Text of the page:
USA TODAY BESTSELLER • Perfect for fans of Gillian Flynn, Paula Hawkins, and Tana French, R. K. Jackson’s lyrical, twisty psychological thriller debut follows an aspiring journalist as she uncovers dark truths in a seaswept Southern town—aided by a mysterious outcast and pursued by a ruthless killer.
When Martha Covington moves to Amberleen, Georgia, after her release from a psychiatric ward, she thinks her breakdown is behind her. A small town with a rich history, Amberleen feels like a fresh start. Taking a summer internship with the local historical society, Martha is tasked with gathering the stories of the Geechee residents of nearby Shell Heap Island, the descendants of slaves who have lived by their own traditions for the last three hundred years.
As Martha delves into her work, the voices she thought she left behind start whispering again, and she begins to doubt her recovery. When a grisly murder occurs, Martha finds herself at the center of a perfect storm—and she’s the perfect suspect. Without a soul to vouch for her innocence or her sanity, Martha disappears into the wilderness, battling the pull of madness and struggling to piece together a supernatural puzzle of age-old resentments, broken promises, and cold-blooded murder. She finds an unexpected ally in a handsome young man fighting his own battles. With his help, Martha journeys through a terrifying labyrinth—to find the truth and clear her name, if she can survive to tell the tale.
Praise for The Girl in the Maze
“A Southern Gothic thriller with a twisty plot and echoes of Tana French.”—Dianne Emley, bestselling author of Killing Secrets
“The Girl in the Maze has suspense, action, memorable characters and even a perfect storm.”—Savannah Morning News
“One of the best books I’ve read [this year] . . . The Girl in the Maze is a genre-crushing story that’s part mystery, part thriller, with elements of horror. The result is a terribly entertaining novel.”—Cemetery Dance
“I’m very familiar with coastal Georgia, including Savannah and the islands. Somehow, Jackson has captured the mysterious beauty and sense of impending danger one always feels there. The setting itself becomes both a mirror and a character in this intriguing and suspenseful story.”—Barbara Lebow, Guggenheim Fellow, author of A Shayna Maidel
“The Girl in the Maze is as mysterious and suspenseful as it is intriguing—much like Georgia’s coastal marshland, where the tale is set.”—Santa Barbara News-Press
“This scared the hell out of me.”—Laura Otis, MacArthur Fellow, author of Müller’s Lab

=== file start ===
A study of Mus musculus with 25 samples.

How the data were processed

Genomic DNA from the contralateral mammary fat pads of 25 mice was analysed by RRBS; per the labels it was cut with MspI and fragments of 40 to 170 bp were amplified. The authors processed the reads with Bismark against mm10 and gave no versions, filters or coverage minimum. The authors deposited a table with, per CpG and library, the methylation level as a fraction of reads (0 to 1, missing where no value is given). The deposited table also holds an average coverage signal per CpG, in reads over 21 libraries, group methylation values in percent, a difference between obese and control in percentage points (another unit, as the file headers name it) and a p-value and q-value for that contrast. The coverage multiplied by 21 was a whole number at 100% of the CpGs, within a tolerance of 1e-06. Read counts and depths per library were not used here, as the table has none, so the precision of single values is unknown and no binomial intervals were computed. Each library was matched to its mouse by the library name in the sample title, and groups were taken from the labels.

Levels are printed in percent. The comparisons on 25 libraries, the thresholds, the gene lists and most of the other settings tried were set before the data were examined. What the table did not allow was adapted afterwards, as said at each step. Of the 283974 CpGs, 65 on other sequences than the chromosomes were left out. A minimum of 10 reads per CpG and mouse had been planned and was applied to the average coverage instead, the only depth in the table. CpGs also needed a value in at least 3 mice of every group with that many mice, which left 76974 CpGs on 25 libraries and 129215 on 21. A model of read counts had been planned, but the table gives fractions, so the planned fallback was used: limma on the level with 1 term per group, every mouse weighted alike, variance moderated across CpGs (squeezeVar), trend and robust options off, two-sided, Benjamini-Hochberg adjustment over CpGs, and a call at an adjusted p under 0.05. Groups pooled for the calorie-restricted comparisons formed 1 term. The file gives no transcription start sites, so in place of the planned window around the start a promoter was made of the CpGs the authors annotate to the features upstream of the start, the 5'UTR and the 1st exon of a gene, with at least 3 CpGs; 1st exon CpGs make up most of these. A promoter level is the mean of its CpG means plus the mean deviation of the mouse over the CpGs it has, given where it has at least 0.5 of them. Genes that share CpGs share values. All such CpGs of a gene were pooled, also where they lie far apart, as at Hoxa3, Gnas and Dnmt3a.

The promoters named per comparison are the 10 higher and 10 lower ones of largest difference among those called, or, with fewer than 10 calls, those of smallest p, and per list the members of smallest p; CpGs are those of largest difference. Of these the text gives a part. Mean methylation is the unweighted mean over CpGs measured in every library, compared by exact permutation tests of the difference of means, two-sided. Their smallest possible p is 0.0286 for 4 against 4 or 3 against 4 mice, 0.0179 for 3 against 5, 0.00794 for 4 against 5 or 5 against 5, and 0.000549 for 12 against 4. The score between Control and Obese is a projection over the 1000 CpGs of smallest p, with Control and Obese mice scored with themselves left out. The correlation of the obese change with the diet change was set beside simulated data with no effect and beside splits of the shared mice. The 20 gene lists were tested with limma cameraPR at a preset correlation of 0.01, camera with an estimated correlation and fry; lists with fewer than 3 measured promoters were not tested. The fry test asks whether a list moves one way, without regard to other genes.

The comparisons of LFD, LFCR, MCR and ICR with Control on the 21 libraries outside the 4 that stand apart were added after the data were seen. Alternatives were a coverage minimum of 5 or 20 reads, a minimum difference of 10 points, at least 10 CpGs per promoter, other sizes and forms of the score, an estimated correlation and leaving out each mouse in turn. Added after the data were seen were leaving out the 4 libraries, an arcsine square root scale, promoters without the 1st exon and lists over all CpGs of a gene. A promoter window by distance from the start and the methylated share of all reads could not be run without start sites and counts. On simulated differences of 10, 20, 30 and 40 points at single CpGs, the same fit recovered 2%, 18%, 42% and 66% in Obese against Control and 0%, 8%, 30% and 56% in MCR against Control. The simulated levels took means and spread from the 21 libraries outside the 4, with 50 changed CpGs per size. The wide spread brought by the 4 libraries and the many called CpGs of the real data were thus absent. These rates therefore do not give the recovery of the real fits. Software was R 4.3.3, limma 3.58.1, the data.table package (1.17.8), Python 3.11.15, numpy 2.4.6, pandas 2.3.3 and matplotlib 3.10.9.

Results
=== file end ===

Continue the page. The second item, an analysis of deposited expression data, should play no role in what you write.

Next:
“A suspenseful book, well written, and with a beautiful setting rich in history. I thoroughly enjoyed this supernatural thriller, and recommend it to all fans of the genre.”—I Heart Reading
“A fast-paced psychological thriller that keeps you engaged from beginning to end.”—Reading Femme
“Enthralling . . . a psycho-thriller of dark secrets in a small historic Georgian coastal town.”—Judith D. Collins Must Read Books
Customer ReviewsSee All
This is a great read and I highly recommend it. I'm sure the sequel will be a lot more than .99 and I'm also sure I'll be buying it.
Engrossing and atmospheric!
This debut novel has so much to enjoy—not only the sensitively wrought characters, the intricate plot, and the naturalistic dialogue, but also the evocative portrait of its setting. The Georgia coast, so memorably depicted in Midnight in the Garden of Good and Evil, is offered from another viewpoint, conjured here with particular skill and artistry. A thread of the paranormal woven through the plot seems quite at home in this tale, given the mysterious ambiance of its locale.
I am frankly eager to read it again and recommend it to those whom I believe will enjoy it. Some of the more literal-mided might take issue with the story's few fanciful elements, but most others should find this spooky thriller to be a charming and absorbing read.
Starts Slow and Ramps Up the Tension
This is a wonderful trip into the mind and world of a person who hears voices in her head. The story is a mystery thriller, where the reader knows too much and fears for the characters. From a slow beginning, the tension and suspense ramps up to a most dramatic ending. The key to everything lies in a story from the past. As good guys drop from actions of the bad guys, the reader begins to despair. As the story ends, some despair may be justified. Greed, ambition, and man's inhumanity to man are powerful forces. Not as powerful as a hurricane, but much more deadly.